The financial world is hyperventilating over the Swiss National Bank's surprise announcement that it is abandoning its policy of pegging the Swiss franc to the depreciating euro. Two cheers for Thomas Jordan and the Swiss National Bank (SNB). It was the right policy move and it reminded financial markets that the job of central banks is not always to spread foam on the runway of global finance and save investors from themselves. The SNB does not deserve a third cheer for its policy move because it was reversing a policy that was wrong when it was adopted in 2011 in an effort to keep the Swiss franc from appreciating against the euro, to the detriment of its export-dependent economy.
On January 15, Thomas Jordan, president of the Swiss National Bank, announced that the Bank was abandoning its policy of placing a ceiling (which the SNB called a floor) under the Swiss franc at €1.20 per franc. Markets, which had unwisely assumed that the SNB policy was eternal, went into a tailspin. The franc abruptly jumped to close to par with the euro. The Financial Times editorialized (January 16) that the action was "a poor advertisement for Swiss reliability." International Monetary Fund (IMF) managing director Christine Lagarde lamented: "Jordan did not contact me; I find it a bit surprising that he did not contact me. I would hope it was communicated with colleagues from other central banks—I don't know that it was" (IMF News Report, January 15, 2015).
In fact the SNB today deserves to be praised. When it finally understood that its policy was unsustainable, with international reserves approaching 100 percent of GDP and the prospect of further accumulations as the ECB contemplates adopting a belated policy of quantitative easing, it changed its policy, it bit the bullet, and it offered no free rides.
The SNB deserves praise for not telegraphing its intentions to the market. It is not a central bank's responsibility to save market participants from the consequences of their mistaken assumptions. We do not know whether the SNB alerted other central banks or governments, but we know it did not inform the IMF. Why should it inform the IMF? Did it have a need to know? What was it going to do with the advance information? Lagarde and IMF staff should long ago have advised the SNB to abandon its policy and in its surveillance role have warned the international community that the peg should not be forever. They should be cheering not criticizing.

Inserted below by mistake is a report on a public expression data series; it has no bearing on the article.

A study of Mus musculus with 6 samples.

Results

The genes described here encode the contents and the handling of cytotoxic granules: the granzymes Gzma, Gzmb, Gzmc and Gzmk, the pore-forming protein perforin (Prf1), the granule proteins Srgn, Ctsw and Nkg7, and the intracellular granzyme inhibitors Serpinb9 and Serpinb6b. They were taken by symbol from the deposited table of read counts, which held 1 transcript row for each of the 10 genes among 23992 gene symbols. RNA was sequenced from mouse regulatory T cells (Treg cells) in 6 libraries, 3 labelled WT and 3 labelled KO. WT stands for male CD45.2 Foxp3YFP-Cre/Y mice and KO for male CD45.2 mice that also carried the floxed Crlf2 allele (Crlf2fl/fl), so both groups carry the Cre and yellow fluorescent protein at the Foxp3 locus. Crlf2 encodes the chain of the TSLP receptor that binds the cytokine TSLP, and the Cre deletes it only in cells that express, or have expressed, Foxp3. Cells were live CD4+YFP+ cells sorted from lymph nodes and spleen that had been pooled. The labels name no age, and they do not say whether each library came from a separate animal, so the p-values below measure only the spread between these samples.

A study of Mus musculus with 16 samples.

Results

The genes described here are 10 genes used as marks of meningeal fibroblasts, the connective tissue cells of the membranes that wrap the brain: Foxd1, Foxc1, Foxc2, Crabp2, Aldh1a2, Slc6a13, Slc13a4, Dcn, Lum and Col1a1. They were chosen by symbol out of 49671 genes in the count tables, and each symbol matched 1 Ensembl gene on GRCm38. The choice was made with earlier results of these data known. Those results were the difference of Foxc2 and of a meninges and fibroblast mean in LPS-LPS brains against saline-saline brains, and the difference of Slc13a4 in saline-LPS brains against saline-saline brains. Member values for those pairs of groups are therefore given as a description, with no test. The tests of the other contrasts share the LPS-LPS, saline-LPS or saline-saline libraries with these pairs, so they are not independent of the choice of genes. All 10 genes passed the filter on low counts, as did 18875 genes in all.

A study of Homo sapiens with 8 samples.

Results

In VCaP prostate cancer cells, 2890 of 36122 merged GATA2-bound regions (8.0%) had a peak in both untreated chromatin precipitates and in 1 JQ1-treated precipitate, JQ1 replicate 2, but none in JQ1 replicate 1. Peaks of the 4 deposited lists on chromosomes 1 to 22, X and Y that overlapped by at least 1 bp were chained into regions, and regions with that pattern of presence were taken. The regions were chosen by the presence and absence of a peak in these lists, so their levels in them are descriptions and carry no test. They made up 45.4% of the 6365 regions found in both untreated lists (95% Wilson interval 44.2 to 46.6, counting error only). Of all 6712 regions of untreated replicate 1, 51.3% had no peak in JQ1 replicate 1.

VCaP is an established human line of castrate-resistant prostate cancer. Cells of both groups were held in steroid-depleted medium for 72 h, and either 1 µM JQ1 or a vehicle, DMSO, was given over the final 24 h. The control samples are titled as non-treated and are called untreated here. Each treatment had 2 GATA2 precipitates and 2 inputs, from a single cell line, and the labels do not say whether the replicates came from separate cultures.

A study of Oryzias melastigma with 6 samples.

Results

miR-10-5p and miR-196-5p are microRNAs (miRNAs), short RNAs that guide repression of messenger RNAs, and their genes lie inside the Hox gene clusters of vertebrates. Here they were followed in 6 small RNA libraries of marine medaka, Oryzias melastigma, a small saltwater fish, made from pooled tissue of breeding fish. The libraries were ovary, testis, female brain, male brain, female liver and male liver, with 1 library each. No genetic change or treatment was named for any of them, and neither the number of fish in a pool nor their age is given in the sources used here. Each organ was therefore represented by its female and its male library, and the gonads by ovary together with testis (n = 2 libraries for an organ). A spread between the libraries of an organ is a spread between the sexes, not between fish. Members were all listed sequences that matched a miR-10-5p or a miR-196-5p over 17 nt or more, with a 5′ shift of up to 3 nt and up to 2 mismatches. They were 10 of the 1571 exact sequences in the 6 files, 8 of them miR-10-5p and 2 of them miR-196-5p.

The SNB should be excused if it kept its intentions entirely to itself. Even within the central bank community, it is very difficult to keep a secret. The SNB and the international central banking community had an example of the importance of maintaining a cloak of secrecy.
The SNB should be criticized for its adoption of its policy in the first place. The policy change was not justified by the condition of the Swiss economy. The original Swiss policy was not in the international interest. It was openly protectionist. And the IMF staff and management gave Switzerland a free ride. While the euro area was mired in crisis and recession, the Swiss economy expanded from an average growth of 1.2 percent from 2008 to 2011 to an average of 1.4 percent from 2012 to 2014. During the later period, the volume of Swiss exports increased by 2.3 percent a year, faster than real GDP. Switzerland's current account surplus, which averaged 7.3 percent of GDP from 2008 to 2011, almost doubled to an average of 13.4 percent of GDP from 2012 to 2014.
The mistake that the SNB and the Swiss authorities made was not that they were acting selfishly in 2011 and not acting in the interests of enhancing their long-run economic and financial reputation for probity, but that they failed to think about how they were going to terminate the policy if and when it became unsustainable. The market has now forced the SNB to change its policy, and the Swiss export-dependent economy itself may suffer as exports of industrial goods and farm products decline. But the fundamental mistake was not made in January 2015. It was made in September 2011.